Consumers are becoming more aware about their data, how it is used and what it is used for. How will companies react?

Consumers are becoming more aware about their data, how it is used and what it is used for. How will companies react?
Consumers are becoming more aware about their data, how it is used and what it is used for. How will companies react?

Data privacy is becoming a hot topic these days. From April 23rd – May 3rd, 2021, a survey was undertaken of 1,320 people. The aim of the survey was to understand whether people approve of having their data sold for profit.

The reason for this concern is due to the increasing value of data as a commodity within the corporate world, both internal to a firm and as transactions between firms.

The survey also assessed how much people know about their data and whether they want to have more control over what happens to their data and if they expressed any interest in monetizing their data.

While it is possible for some people to derive economic value from data, both directly — by selling their data — and indirectly — by using their data to boost their revenue and reduce their costs.

The Invisibility survey found that 77 percent of people want to control who can access their data. The primary reason was because people have not consented to their data being licensed or sold, and that is a key area Invisibly is focused on changing.

Commenting on the broad findings of the survey, Dr. Don Vaughn, Head of Product at Invisibly, states: “Invisibly is giving people control over what data is licensed or shared with companies. Data consent is a huge industry issue right now and we are on a mission to give people control and consent over the data they share.”

The survey also found that 79 percent of people do not approve of companies profiting from their data. Whether this view would change if companies paid something for the data is a different story.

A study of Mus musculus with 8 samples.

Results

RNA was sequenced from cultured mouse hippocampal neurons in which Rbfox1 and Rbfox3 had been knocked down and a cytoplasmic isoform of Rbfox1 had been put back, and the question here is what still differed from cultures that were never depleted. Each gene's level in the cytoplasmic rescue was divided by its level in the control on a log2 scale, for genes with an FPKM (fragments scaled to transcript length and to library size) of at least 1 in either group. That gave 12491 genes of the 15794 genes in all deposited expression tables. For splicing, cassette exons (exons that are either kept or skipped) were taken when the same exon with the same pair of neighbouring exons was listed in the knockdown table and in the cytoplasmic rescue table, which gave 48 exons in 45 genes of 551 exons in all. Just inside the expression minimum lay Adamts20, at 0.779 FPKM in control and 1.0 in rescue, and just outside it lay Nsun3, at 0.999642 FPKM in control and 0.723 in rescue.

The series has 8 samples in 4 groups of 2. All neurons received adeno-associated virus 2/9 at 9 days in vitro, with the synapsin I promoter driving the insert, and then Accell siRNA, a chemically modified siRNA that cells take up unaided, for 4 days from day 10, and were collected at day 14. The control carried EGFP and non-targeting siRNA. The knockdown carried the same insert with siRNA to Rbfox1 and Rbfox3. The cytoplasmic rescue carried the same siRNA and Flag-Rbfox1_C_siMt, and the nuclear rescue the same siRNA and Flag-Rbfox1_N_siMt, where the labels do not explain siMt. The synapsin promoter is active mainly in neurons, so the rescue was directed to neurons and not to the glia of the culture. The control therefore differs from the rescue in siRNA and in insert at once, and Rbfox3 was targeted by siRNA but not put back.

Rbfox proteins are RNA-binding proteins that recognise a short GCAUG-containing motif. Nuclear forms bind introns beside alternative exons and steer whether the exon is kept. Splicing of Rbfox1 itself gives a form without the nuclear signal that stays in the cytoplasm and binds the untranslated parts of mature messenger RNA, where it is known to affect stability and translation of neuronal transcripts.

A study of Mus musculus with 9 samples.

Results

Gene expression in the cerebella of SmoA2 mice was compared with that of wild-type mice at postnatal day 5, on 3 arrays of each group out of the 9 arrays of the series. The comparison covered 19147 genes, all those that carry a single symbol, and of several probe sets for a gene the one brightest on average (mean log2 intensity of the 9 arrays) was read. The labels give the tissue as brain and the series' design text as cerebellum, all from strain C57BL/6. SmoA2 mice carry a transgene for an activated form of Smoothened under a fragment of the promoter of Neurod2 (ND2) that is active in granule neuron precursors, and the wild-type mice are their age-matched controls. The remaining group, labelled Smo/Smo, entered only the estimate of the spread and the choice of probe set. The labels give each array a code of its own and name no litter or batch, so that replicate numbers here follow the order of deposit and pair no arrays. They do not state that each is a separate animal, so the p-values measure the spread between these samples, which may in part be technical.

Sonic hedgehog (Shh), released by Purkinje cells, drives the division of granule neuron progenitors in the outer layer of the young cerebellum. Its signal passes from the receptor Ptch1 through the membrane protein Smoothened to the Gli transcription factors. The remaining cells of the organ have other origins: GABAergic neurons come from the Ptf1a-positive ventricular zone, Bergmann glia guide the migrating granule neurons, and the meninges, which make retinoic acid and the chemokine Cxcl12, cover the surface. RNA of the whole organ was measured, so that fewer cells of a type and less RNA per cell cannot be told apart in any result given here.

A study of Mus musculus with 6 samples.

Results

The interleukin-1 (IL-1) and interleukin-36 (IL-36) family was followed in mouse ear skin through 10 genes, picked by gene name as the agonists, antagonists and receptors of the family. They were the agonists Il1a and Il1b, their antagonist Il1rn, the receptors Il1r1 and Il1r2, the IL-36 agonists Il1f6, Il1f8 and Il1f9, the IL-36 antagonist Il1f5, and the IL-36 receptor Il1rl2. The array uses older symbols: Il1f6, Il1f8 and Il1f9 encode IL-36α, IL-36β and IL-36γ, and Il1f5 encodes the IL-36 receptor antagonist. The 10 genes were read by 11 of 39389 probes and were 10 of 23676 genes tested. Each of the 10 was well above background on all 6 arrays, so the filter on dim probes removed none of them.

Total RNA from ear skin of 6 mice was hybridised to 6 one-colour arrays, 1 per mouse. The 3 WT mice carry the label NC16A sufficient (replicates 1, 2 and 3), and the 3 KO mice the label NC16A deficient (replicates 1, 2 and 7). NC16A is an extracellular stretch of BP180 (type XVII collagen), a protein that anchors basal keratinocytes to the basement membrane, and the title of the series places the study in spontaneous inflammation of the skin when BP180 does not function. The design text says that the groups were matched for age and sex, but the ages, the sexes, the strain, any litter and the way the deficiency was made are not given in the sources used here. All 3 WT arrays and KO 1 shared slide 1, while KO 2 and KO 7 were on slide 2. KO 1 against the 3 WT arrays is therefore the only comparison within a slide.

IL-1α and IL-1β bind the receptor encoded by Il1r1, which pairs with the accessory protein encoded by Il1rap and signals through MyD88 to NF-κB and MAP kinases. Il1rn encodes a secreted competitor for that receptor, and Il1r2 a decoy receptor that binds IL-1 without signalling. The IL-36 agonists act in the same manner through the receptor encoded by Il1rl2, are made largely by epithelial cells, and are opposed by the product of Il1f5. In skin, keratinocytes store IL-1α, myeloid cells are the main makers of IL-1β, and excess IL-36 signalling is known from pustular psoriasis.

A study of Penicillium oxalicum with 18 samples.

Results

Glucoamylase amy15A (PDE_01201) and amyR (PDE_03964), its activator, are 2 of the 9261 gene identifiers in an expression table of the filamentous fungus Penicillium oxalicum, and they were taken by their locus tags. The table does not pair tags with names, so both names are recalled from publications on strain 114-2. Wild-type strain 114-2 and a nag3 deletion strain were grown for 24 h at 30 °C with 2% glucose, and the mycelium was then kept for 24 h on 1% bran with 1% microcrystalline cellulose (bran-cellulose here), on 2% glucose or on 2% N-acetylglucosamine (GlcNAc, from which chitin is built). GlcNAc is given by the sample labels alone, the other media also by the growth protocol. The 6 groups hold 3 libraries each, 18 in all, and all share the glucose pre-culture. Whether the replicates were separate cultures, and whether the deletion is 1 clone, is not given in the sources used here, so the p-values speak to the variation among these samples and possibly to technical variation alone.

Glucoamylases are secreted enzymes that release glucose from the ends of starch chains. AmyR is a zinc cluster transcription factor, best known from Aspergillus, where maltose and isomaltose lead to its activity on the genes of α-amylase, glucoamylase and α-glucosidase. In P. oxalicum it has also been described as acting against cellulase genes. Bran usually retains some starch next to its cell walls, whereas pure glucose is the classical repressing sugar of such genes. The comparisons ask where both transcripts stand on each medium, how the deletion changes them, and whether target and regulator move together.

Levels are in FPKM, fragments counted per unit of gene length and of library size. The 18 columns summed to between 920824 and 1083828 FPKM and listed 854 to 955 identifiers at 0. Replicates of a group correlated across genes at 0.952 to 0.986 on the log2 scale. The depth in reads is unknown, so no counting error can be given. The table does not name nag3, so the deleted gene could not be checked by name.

It is certainly clear that those surveyed were aware that many firms make money either directly from the data or via selling the data. Here, 71 percent of respondents know that companies routinely profit off their data (and this mean that a surprisingly high proportion, at 29 percent of respondents, were unaware).

With the selling of data, there was a gender difference. The poll finds that men are more likely to be aware that their data can be sold for profit.

Especially where data is bundled and sold between one company and another, 77 percent of respondents want to control who can access their data.

It is for these reasons that some have called for a system termed “digital agency”, according to a report in Harvard Business Review. This can be defined as the ability of users to own the rights to their personal data. This includes managing access to this data and, potentially, be compensated fairly for such access.


Dr. Tim Sandle is Digital Journal's Editor-at-Large for science news. Tim specializes in science, technology, environmental, and health journalism. He is additionally a practising microbiologist; and an author. He is also interested in history, politics and current affairs.